Kodak Black is officially a free man following a last-minute presidential pardon from Donald Trump. According to the Federal Bureau of Prisons website, the Bill Israel rapper was released on Wednesday (January 20), less than 24 hours after Trump announced his hefty list of pardons and commutations.
The 23-year-old Florida native was in the middle of a 46-month sentence after being convicted of a federal weapons charge in 2019. But just because he skated out of this one doesn’t mean his legal troubles are over. Kodak still faces a sexual assault charge in South Carolina and prosecutors want him sent there immediately to stand trial.
While Kodak was busy tweeting about how appreciative he is of Trump’s mercy, Florence County prosecutors were making their case. As pointed out by Courthouse News, Kodak’s pardon doesn’t protect him from the South Carolina case in part because presidential clemency applies to federal, not state charges.
Prosecutors allege Kodak forced himself on a woman in a hotel room in February 2016 and bit her neck and breast. The police affidavit says the woman “repeatedly told [him] to stop” during the sexual encounter and explains “her injuries were documented in a sexual assault kit that was completed by medical personnel.”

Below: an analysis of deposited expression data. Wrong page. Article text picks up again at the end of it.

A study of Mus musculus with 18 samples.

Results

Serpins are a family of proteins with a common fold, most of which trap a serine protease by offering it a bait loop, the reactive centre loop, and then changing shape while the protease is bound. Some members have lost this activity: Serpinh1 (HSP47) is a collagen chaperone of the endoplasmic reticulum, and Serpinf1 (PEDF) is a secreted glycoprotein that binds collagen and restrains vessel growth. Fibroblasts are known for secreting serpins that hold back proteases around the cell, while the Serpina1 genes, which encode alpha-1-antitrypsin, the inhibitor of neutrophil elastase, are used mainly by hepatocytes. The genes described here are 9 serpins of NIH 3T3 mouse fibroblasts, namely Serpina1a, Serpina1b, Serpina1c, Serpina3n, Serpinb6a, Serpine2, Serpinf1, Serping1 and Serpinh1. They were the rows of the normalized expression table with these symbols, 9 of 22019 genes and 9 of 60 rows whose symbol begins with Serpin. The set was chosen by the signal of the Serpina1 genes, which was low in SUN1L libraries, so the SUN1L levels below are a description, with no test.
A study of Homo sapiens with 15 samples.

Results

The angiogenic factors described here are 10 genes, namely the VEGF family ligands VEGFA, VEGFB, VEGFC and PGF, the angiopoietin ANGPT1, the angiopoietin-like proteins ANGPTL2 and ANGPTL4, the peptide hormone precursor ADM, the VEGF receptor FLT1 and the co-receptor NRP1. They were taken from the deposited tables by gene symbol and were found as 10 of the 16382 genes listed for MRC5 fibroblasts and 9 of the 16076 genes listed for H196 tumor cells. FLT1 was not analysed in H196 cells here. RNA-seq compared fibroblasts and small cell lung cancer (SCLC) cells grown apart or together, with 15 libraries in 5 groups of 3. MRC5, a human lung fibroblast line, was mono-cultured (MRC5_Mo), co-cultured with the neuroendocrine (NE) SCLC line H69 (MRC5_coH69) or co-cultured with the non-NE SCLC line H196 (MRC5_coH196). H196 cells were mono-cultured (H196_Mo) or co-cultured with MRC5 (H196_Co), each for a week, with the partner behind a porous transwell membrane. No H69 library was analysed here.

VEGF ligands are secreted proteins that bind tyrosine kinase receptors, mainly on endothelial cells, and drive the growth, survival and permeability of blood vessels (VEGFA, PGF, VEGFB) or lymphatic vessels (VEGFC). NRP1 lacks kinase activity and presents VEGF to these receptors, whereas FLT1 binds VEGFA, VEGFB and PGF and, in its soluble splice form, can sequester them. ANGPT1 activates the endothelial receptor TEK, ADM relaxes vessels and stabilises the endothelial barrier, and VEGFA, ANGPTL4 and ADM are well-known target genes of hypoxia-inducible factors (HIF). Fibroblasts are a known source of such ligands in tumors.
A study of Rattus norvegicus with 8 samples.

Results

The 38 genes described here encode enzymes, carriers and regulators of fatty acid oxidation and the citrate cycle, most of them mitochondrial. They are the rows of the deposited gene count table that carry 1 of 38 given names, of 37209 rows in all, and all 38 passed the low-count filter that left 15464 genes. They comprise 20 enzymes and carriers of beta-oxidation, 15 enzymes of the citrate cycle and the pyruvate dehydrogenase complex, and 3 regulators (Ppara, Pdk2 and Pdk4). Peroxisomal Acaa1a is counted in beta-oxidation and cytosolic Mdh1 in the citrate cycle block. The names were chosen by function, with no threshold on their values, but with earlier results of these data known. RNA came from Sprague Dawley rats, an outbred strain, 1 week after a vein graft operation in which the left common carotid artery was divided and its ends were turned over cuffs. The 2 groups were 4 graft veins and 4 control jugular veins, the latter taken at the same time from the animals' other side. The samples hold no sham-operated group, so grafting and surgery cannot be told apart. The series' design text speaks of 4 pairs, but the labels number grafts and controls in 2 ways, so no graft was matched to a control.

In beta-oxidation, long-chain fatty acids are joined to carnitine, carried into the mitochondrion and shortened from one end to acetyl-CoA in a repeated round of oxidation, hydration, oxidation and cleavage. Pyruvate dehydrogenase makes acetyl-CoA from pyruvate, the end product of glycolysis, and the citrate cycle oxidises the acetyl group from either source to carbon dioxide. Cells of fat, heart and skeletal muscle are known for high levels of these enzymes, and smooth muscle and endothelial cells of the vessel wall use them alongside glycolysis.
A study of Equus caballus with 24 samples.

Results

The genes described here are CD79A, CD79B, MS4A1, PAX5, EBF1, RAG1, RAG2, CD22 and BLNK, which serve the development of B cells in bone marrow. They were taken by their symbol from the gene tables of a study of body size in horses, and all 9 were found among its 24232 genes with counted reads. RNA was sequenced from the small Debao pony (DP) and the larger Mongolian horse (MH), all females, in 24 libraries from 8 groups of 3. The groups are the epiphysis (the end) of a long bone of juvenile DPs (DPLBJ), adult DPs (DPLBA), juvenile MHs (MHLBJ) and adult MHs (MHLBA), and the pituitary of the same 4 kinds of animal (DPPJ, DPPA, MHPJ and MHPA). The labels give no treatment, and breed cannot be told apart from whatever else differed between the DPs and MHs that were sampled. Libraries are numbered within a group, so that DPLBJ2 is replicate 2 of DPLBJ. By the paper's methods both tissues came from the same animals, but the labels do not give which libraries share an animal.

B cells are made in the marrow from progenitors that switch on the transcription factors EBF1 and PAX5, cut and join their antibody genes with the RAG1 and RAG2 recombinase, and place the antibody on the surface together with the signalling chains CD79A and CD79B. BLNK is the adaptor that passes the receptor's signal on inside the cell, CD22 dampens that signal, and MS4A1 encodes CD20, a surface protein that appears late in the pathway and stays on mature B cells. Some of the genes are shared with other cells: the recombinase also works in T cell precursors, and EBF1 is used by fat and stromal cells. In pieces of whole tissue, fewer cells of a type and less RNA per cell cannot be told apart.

The 12th Circuit solicitor in Florence County Ed Clemets said he already has a detainer on file against Kodak and plans to “aggressively” go after him.
But Kodak’s South Carolina attorney Beattie Ashmore remains confident, telling TMZ, “Aggressively prosecute? It’s been four years. That speaks volumes. Kodak was on bond and on tour for two years before his federal case even began. Ed’s a very fine and experienced prosecutor and I look forward to once again speaking with him about this case. It’s been awhile.”
If convicted, the sexual assault charge carries a maximum sentence of 30 years behind bars.
The White House press secretary said in a statement Trump’s decision to commute Kodak’s federal sentence was “supported by numerous religious leaders, including Pastor Darrell Scott and Rabbi Schneur Kaplan.”
The statement also noted his “numerous philanthropic efforts” and charitable donations, including funding school supplies for financially struggling families, a $1,000 donation to Rabbi Kaplan’s synagogue and a $50,000 donation to the Barstool Fund.